The state House and Senate are moving to impose new standards on cities' use of traffic cameras, but an effort to give voters a veto over cameras has so far been thwarted.
Voter approval for cameras was rejected Tuesday in the House Transportation Committee, just before the committee advanced some statewide standards backed by the Tacoma City Council as an alternative to getting rid of cameras.
The city has cameras at seven intersections and in three school-speed zones, and credits them with making the streets safer. As cameras multiply in cities such as Tacoma, Lacey, Auburn, Lakewood, Puyallup, Federal Way and Fife, some residents complain cities are only out to make money off tickets.
The issue of local votes could come up again on the House floor as an amendment to the Tacoma-backed bill being pushed by Democratic Rep. Connie Ladenburg, House Bill 1279.
“I think we will get the chance to have the vote-of-the-people fight another day,” said Rep. Jeff Morris, an Anacortes Democrat and one of several camera opponents from both parties.
But for now, bills calling for local votes or even an outright ban on cameras, as Morris prefers, are falling by the wayside and appear unlikely to meet a Friday deadline to move forward.
“I don’t think that we need to micromanage the decisions that (cities) make in regards to this,” Ladenburg said, “just like we don’t have a vote every time we want to put up a traffic light at an intersection.”
Mukilteo voters restricted cameras last year, and Tim Eyman is pushing anti-camera initiatives in four more cities, threatening lawmakers that if they don’t act, voters will.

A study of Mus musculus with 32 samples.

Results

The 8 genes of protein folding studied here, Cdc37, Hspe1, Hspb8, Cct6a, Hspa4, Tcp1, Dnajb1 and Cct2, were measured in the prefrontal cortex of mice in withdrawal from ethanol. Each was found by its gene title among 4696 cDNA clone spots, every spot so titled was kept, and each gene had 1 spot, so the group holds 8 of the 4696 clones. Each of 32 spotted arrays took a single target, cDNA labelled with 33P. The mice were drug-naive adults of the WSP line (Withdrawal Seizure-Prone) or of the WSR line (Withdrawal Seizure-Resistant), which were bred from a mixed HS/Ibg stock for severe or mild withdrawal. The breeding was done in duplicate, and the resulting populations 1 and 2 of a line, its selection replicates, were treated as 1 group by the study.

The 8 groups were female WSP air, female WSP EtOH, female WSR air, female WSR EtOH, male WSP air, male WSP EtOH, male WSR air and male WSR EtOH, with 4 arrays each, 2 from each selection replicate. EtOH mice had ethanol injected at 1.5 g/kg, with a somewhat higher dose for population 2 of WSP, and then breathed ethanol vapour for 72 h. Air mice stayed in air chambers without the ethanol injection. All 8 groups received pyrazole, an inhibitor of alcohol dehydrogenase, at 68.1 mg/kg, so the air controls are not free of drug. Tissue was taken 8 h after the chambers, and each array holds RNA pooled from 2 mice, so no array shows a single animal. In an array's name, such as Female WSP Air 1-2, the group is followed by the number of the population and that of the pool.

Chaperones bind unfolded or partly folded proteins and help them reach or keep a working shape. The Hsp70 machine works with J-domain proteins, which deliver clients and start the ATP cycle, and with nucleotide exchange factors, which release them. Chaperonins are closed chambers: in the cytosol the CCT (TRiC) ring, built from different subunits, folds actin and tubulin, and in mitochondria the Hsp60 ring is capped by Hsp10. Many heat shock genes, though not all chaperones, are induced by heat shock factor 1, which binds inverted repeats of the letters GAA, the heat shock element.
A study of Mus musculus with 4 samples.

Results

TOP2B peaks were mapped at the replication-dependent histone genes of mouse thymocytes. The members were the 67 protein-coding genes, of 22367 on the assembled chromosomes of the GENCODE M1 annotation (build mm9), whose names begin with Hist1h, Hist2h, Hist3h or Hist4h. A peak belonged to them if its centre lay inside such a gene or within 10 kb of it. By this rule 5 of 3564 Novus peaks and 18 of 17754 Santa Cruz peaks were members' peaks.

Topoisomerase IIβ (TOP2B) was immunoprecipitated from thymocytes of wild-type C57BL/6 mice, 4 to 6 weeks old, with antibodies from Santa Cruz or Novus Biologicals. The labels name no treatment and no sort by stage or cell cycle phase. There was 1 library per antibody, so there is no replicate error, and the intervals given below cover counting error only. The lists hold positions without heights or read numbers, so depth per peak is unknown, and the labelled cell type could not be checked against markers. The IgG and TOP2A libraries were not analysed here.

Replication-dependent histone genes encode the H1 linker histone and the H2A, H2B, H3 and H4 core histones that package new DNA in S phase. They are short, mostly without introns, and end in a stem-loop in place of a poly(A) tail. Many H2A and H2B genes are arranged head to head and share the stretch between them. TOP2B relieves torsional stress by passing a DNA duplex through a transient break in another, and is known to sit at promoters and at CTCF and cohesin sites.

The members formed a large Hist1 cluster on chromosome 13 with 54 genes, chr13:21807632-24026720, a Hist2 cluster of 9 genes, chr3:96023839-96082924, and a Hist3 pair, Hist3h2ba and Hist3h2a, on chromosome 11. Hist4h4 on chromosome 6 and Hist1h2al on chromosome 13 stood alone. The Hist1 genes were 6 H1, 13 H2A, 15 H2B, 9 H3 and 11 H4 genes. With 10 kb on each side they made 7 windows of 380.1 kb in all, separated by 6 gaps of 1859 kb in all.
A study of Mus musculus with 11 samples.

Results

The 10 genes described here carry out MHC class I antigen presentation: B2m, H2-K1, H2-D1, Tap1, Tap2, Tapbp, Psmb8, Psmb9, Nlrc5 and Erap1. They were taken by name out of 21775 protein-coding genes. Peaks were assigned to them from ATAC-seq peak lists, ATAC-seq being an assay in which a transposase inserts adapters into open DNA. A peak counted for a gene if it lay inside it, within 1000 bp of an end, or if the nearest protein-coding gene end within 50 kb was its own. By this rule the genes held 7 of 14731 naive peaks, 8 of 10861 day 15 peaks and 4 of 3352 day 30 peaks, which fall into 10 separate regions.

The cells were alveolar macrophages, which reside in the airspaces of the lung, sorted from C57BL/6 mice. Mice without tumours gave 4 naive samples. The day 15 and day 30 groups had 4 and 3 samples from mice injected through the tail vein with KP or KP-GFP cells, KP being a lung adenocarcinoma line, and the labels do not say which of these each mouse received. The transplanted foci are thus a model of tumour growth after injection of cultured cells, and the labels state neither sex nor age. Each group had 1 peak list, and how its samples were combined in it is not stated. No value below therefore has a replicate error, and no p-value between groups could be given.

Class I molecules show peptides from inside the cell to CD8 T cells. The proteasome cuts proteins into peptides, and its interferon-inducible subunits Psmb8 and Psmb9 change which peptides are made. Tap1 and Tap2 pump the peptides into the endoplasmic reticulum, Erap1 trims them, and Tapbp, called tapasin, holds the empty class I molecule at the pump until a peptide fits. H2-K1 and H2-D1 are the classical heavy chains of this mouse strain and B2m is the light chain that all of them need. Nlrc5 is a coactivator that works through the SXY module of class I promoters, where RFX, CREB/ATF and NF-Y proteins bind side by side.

“We’re not going to go away,” vowed Nick Sherwood, a Puyallup contractor who has been asking lawmakers to ban the cameras. “I think the red light camera is a flawed technology. What it does is, it adds an incentive for municipalities to bend the rules, to not give an honest try to engineering solutions.”
Ladenburg’s bill grapples with some of the complaints about cameras, adopting practices used by Tacoma as a model.
Some drivers say cameras are dinging them for something a flesh-and-blood officer would let slide: making a right turn on red without coming to a full stop clear of the intersection.
The bill mandates that police use the same “discretion” in reviewing camera video that they would use when on patrol to decide whether to write a ticket.
In Tacoma, traffic officers review every camera ticket before it goes to drivers and reject most right-on-red tickets, said police Lt. Corey Darlington.
Others may have looser practices, he said. “There are some jurisdictions where they’re probably not reviewing the video and just clicking accept, accept, accept on all the tickets,” Darlington said, repeating complaints he’s heard from drivers.
Ladenburg’s bill also would require yellow-light times to match federal standards, a restriction meant to keep cities from shortening yellow lights to catch more drivers running lights. The same standard is in a bill offered by Sen. Randi Becker, R-Eatonville, that is heading to the Senate floor.